The number one fear of most adults (even above death) is speaking in public. Yet the ability to communicate to groups of people is a skill which can make a critical difference in our careers and in our ability to share information, ideas, experience, and enthusiasms with others. A study conducted by AT&T and Stanford University revealed that the top predictor of success and upward mobility, professionally, is how much you enjoy public speaking and how effective you are at it.
Most of us have experienced more than our share of boring presentations. After what seems like hours, we still don’t know what message we were supposed to get.
Maybe the speaker put us to sleep with his monotone presentation or we couldn’t read the small writing on the transparencies, which didn’t seem to match up at all with what the speaker was trying to say.
To avoid being the source of a “sleeper” presentation, you need to build your presentation skills. Here are some simple guidelines to overcoming stage fright and preparing for a successful presentation.
Developing the Attitude of a Successful Public Speaker
Remember that stage fright is normal and be open about it. Remember that you are the expert. Your primary duty is to understand what your audience needs to know and prepare the message and supporting materials in a way that delivers your message clearly and powerfully. Make a strong, whole-hearted commitment to your audience. Concentrating on them and their needs will help you forget about your own self-consciousness.
- Practice your presentation. Do a pilot test, and if possible, videotape yourself.
- Establish rapport by using names and eye contact.
- Research your audience. Get acquainted with at least one person in the audience.
- Relax. Breathe deeply. Visualize yourself successfully presenting your message to the audience.
- Use your own style. Don’t imitate someone else.
Preparing for Success — Planning
A good presentation requires careful planning and lack of planning is always apparent. Sure clues are speeches that are too long, too detailed, confusing, vague, boring or off-track. Here are three questions you can ask yourself to clarify the objective of your presentation:
- Why am I giving this presentation?
- What do I want the audience to know or do at the end of the presentation?
- How do I want the audience to feel?
Focus on the Big Idea
The first step is to find your focus. This is the Big Idea of your material, the power punch, the one thing you want your audience to walk away with. One way to make sure you are clear on your focus is to develop a basic outline of your presentation. Begin by listing no more than five independent ideas that the audience must understand for the objectives to be accomplished. Then outline your plan for presenting the necessary detail and persuasive material needed to allow your audience to understand those points. This gives you a rough outline of the content of your message.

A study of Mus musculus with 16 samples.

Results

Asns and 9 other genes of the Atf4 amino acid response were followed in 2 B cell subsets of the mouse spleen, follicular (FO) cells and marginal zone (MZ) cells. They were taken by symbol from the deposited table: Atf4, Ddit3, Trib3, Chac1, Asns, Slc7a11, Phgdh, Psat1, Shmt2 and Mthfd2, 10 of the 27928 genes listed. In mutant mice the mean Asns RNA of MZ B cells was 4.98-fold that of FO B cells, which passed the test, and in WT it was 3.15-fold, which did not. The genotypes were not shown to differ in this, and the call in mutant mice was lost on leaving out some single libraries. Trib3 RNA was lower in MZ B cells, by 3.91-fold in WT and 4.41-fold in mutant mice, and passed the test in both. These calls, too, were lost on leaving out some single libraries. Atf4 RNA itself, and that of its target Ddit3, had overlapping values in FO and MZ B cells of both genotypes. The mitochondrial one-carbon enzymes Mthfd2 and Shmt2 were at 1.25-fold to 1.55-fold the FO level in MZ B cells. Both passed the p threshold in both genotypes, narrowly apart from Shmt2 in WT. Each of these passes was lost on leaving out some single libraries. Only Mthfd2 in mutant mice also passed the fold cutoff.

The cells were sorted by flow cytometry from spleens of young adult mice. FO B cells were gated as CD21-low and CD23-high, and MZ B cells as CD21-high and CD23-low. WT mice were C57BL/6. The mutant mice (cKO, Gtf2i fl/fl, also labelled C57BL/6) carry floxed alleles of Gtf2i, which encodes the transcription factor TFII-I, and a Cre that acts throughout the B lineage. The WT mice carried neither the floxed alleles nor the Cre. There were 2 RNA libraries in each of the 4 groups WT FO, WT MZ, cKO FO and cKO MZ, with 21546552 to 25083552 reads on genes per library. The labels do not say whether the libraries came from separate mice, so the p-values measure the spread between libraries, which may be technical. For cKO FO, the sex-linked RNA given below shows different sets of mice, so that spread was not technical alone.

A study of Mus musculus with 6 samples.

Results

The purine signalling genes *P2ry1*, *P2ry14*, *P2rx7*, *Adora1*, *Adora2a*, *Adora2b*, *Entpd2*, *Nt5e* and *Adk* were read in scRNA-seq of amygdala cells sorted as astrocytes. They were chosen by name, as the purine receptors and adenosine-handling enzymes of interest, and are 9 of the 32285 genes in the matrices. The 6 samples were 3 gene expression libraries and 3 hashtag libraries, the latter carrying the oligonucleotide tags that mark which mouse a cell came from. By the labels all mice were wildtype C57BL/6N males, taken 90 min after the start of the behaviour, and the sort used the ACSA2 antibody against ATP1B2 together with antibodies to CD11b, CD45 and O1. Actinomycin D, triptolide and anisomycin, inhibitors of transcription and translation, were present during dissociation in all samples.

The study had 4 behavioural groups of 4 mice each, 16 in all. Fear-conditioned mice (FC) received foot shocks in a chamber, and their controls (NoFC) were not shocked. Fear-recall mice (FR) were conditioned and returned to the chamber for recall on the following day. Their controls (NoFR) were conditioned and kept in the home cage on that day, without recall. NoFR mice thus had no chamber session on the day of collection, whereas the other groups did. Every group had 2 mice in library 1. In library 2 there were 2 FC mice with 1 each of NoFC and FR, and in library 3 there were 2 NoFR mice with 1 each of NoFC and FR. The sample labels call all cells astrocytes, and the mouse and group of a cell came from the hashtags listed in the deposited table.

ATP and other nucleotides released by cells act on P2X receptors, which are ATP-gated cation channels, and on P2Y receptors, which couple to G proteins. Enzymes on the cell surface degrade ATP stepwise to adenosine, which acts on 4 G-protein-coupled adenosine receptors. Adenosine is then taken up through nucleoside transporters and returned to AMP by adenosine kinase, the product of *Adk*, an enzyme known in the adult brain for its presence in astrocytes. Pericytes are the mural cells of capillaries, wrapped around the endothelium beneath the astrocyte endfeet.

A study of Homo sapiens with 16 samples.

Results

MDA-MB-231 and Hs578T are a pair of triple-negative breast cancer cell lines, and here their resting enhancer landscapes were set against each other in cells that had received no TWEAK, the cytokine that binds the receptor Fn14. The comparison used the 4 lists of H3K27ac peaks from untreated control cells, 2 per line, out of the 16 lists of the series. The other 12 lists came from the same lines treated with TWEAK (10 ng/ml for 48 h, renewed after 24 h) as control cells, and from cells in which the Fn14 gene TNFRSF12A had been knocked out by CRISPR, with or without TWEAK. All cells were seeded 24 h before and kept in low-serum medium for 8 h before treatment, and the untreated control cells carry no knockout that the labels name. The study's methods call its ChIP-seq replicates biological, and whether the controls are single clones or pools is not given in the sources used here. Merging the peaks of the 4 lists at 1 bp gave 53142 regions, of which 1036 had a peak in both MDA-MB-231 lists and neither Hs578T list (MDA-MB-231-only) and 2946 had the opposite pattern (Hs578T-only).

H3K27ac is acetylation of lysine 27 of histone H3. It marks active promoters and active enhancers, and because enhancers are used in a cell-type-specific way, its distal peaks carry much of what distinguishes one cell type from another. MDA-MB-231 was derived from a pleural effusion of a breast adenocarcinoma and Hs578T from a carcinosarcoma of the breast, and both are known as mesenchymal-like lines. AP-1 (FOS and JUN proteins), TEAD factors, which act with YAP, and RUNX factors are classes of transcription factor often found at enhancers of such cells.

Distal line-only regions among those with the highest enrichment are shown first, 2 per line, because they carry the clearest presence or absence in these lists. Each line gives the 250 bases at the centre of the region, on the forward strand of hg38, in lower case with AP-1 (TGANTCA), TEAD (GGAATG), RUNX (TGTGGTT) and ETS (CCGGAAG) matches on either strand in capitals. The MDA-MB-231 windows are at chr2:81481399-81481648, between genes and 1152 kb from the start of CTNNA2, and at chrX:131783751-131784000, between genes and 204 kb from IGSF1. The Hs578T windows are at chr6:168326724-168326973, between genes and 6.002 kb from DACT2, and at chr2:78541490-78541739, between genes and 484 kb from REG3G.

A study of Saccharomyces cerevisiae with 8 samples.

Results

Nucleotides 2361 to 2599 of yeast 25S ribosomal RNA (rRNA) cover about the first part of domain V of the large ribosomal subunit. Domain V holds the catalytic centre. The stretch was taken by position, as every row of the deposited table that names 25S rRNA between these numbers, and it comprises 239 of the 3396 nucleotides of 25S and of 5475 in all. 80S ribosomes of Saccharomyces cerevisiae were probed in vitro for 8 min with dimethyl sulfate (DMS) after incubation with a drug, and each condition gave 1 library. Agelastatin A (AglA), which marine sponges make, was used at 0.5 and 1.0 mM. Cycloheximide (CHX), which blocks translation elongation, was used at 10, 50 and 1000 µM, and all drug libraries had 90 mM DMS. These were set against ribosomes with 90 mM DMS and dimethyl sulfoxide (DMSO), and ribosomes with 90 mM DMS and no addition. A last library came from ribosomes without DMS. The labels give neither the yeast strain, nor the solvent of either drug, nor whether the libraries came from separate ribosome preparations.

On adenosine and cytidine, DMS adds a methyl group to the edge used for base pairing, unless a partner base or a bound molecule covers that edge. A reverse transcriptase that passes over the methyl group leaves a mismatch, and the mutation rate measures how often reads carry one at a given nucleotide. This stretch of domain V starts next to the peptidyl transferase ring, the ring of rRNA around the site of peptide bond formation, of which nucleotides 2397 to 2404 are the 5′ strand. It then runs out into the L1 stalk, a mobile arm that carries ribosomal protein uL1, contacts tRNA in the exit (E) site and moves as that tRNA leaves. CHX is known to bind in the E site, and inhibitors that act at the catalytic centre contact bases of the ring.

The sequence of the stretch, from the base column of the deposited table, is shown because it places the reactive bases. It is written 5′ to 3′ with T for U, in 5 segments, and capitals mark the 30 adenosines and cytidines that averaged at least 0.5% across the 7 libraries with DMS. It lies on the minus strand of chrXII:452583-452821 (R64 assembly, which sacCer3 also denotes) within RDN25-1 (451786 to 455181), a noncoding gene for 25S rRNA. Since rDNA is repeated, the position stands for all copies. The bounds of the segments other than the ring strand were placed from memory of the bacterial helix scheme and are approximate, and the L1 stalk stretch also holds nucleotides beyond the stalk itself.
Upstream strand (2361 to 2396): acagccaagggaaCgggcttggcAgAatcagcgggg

Getting Their Attention
Your first step is to get the audience’s attention and convince them to listen to you. Grab them with something vitally interesting to them. Give them an interesting story or example that ties into your focus. Use a strong, meaningful quotation or a startling statistic. Be succinct, use simple graphic language Make your audience think they’re going to be informed, entertained or enlightened.
The Main Message
Once you’ve gotten the audience’s attention, you need to deliver what you promised in the shortest, most interesting way possible. Hold people’s attention during the main body of your message by creating a lot of mini-cycles with beginnings, middles, and ends instead of having one big cycle that lasts through the entire presentation. You can do this by including appropriate humor, and stories.
Remember that the purpose of your presentation is not to present all you know about a subject — it’s to present what your audience needs to know in a way that meets your personal objectives as well as theirs.
Many speakers have a dynamite opening and a powerful, interesting message only to drop the ball at the end. Your conclusion should repeat your main ideas: don’t expect the audience to remember a point which they have heard only once. You can signal a wind-up of the presentation with a phrase such as: “Let’s review the main points we’ve covered.” Your conclusion should be strong, succinct and persuasive.
Your ability to speak in front of groups is one of the most important professional skills you can develop. To truly develop the skill, however, you have to practice it in front of a real, live audience. Force yourself to find opportunities to speak. Volunteer at your professional organizations, civic clubs, or church. You might even consider joining Toastmasters — it offers you a weekly speaking experience in a supportive, educational environment. Good Luck!